World First, an international Fintech business in the Forex and money transfer space, is out with their Global Trade Barometer report and according to their perspective it’s not all good. World First says that UK SMEs are taking it on the chin as post-Brexit fallout is harming them. Simultaneously, UK SMEs have remained stubbornly resilient.
According to their research;
- UK SMEs are feeling the effects of a weaker post-referendum sterling as hedging contracts start to expire in Q4
- As pre-Brexit hedges come to an end, almost half of all businesses admit to being worried about currency volatility
- Over a third of UK SMEs have been negatively impacted by Brexit as the post-referendum reality of a weak pound followed by cost-push inflation takes hold, a new report by World First, the international transfer experts, finds.
Jeremy Cook, Chief Economist at World First, commented on the post-referendum effect of a weaker sterling on UK SMEs;
“After the topsy-turvy year behind us, it is no surprise that SMEs are feeling currency fatigue and many are worried about the impact any further volatility could have on their business. Unfortunately, more SMEs are going to be thrust into the currency wilderness as hedging contracts purchased before the referendum start to expire. An increasing amount of SMEs will be starting to feel the pain of the weaker pound, feeding directly into import price-led inflation.”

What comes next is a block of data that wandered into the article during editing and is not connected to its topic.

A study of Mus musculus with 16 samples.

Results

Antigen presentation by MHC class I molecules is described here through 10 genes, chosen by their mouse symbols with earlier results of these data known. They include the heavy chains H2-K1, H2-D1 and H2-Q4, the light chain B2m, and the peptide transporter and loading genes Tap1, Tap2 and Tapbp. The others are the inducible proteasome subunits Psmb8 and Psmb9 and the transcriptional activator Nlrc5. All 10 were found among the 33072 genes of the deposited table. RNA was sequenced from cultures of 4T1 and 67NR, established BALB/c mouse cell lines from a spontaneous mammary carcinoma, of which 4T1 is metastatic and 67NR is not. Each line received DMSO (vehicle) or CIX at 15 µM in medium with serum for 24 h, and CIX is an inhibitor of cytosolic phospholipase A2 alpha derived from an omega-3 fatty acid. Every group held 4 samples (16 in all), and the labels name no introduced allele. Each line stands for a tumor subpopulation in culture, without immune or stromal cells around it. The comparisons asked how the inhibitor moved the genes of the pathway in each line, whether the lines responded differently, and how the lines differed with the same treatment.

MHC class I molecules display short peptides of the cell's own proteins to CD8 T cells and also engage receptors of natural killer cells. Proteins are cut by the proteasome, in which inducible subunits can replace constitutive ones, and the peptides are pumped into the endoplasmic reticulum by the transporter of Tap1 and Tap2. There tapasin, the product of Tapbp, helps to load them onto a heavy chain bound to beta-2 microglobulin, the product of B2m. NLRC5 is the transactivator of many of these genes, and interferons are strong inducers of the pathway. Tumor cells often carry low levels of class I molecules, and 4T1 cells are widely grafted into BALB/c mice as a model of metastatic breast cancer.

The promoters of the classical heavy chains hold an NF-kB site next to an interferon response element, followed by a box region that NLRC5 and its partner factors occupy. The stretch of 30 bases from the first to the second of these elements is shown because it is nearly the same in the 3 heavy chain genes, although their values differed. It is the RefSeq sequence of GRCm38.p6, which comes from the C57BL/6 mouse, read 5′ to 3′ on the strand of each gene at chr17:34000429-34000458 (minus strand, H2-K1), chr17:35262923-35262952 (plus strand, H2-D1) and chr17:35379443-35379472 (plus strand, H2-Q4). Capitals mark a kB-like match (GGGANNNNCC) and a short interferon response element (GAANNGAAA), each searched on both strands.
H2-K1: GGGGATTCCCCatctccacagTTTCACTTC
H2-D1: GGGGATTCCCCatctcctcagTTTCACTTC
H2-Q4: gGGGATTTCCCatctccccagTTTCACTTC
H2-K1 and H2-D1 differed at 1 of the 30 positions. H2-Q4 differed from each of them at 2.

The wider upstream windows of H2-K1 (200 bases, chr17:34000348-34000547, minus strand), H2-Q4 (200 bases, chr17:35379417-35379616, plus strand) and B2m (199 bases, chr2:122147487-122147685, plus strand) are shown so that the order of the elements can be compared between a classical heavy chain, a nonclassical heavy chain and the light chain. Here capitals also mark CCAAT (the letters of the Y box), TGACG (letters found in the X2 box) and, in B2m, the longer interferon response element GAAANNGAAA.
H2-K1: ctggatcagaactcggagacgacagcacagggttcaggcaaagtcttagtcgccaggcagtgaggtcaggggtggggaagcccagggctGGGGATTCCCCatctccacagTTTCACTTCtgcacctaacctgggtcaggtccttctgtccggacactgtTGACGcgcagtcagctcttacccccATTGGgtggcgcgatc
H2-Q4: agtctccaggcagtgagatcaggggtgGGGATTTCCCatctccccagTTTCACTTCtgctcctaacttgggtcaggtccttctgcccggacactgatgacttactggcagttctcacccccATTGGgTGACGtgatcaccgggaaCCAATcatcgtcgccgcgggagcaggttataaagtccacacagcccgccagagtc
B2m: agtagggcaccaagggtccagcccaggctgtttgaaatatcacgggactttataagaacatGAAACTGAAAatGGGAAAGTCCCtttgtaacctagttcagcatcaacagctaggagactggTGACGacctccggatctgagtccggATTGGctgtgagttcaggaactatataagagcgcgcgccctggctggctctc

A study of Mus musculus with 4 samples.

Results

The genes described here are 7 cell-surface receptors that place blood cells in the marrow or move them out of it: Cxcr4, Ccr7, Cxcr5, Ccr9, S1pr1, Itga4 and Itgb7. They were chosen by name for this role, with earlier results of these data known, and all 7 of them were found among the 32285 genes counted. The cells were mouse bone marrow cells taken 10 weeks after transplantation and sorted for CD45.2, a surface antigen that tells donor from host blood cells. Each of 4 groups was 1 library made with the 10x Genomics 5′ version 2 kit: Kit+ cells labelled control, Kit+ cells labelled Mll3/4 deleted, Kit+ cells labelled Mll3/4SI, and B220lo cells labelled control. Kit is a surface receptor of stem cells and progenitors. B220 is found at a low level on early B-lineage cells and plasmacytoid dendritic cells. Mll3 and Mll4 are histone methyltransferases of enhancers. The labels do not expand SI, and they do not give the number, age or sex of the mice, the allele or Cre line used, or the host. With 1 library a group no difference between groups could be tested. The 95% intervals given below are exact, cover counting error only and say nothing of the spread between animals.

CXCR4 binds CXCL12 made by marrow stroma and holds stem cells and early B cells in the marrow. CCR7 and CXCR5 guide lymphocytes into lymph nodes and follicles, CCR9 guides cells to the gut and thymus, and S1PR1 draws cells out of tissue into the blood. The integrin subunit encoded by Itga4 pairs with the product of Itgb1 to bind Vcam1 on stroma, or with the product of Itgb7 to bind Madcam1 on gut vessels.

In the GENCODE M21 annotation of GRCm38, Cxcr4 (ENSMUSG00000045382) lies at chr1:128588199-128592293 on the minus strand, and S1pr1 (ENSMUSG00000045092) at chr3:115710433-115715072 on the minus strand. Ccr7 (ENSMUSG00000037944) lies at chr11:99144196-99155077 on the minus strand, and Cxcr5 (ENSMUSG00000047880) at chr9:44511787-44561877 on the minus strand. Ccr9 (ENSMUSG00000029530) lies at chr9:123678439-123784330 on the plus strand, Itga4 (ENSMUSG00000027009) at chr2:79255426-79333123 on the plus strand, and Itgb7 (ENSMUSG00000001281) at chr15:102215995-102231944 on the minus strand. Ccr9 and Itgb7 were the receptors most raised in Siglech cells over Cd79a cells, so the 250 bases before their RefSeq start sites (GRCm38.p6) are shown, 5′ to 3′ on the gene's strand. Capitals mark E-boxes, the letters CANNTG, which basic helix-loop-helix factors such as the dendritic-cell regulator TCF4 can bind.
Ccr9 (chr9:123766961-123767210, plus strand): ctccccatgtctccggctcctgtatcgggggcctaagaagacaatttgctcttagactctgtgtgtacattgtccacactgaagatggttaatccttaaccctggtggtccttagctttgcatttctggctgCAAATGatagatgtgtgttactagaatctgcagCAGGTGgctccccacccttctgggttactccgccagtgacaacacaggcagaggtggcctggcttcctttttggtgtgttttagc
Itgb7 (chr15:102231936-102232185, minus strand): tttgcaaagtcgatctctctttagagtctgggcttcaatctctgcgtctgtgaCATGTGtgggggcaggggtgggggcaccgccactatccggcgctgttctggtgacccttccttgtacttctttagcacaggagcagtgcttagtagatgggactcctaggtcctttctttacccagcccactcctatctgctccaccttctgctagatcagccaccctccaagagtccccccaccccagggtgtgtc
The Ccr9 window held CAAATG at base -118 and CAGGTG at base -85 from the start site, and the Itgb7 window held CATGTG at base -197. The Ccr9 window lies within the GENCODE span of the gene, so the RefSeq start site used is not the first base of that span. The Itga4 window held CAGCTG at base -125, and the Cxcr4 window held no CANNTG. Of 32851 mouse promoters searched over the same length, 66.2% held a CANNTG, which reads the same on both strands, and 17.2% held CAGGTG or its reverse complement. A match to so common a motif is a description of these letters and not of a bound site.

World First says that despite ongoing political and macroeconomic uncertainty, UK SMEs continued to show resilience at the end of the year with volumes of international trade reaching record amounts since World First started tracking the data in Q1.
During Q4, businesses made currency transfers worth an average of £48,000 in a typical month; a significant 26% jump compared to the average monthly transfer value of £38,000 in Q3. The proportion of SMEs engaged in international trade also increased over the quarter with those who did not make any foreign currency transfers at all dropping from 47% in Q3 to 41%.
The increase in international payments by SMEs was driven by activity in emerging markets. Between Q3 and Q4, payments to New Zealand rose by 69%, Mexico by 56% and Turkey by 39%, amongst others. Contrastingly, the number of UK SMEs trading with Europe and the US slowed slightly (7% and 1% respectively) as the first effects of the weak pound began to trickle through.
“Despite the predictions of doom and gloom following the EU referendum, UK SMEs remain buoyant with more adopting a global outlook and looking further afield for suppliers and customers. By thinking outside of the transatlantic box, businesses are able to harness the opportunities available on a global level,” says Cook. “The breadth of countries that UK SMEs trade with shows that even though we are seeing an anti-globalisation rhetoric sweep across the West, businesses are embracing the prospects that trading internationally offers. From Portugal to Peru, UK SMEs are increasingly keen to engage in buying, selling and working across borders.”
In the week leading up to the US presidential election in November, the number of UK businesses trading in America who purchased hedging products jumped by over 188% compared to the week before. This suggests that more SMEs have learned their lesson from the fallout of the EU referendum and chosen to protect themselves from future currency volatility during times of political uncertainty.
“As we await further political change from the upcoming elections across Europe in the Netherlands, Germany, and France, the message is clear for UK SMEs trading internationally – volatility isn’t over yet,” explains Cook.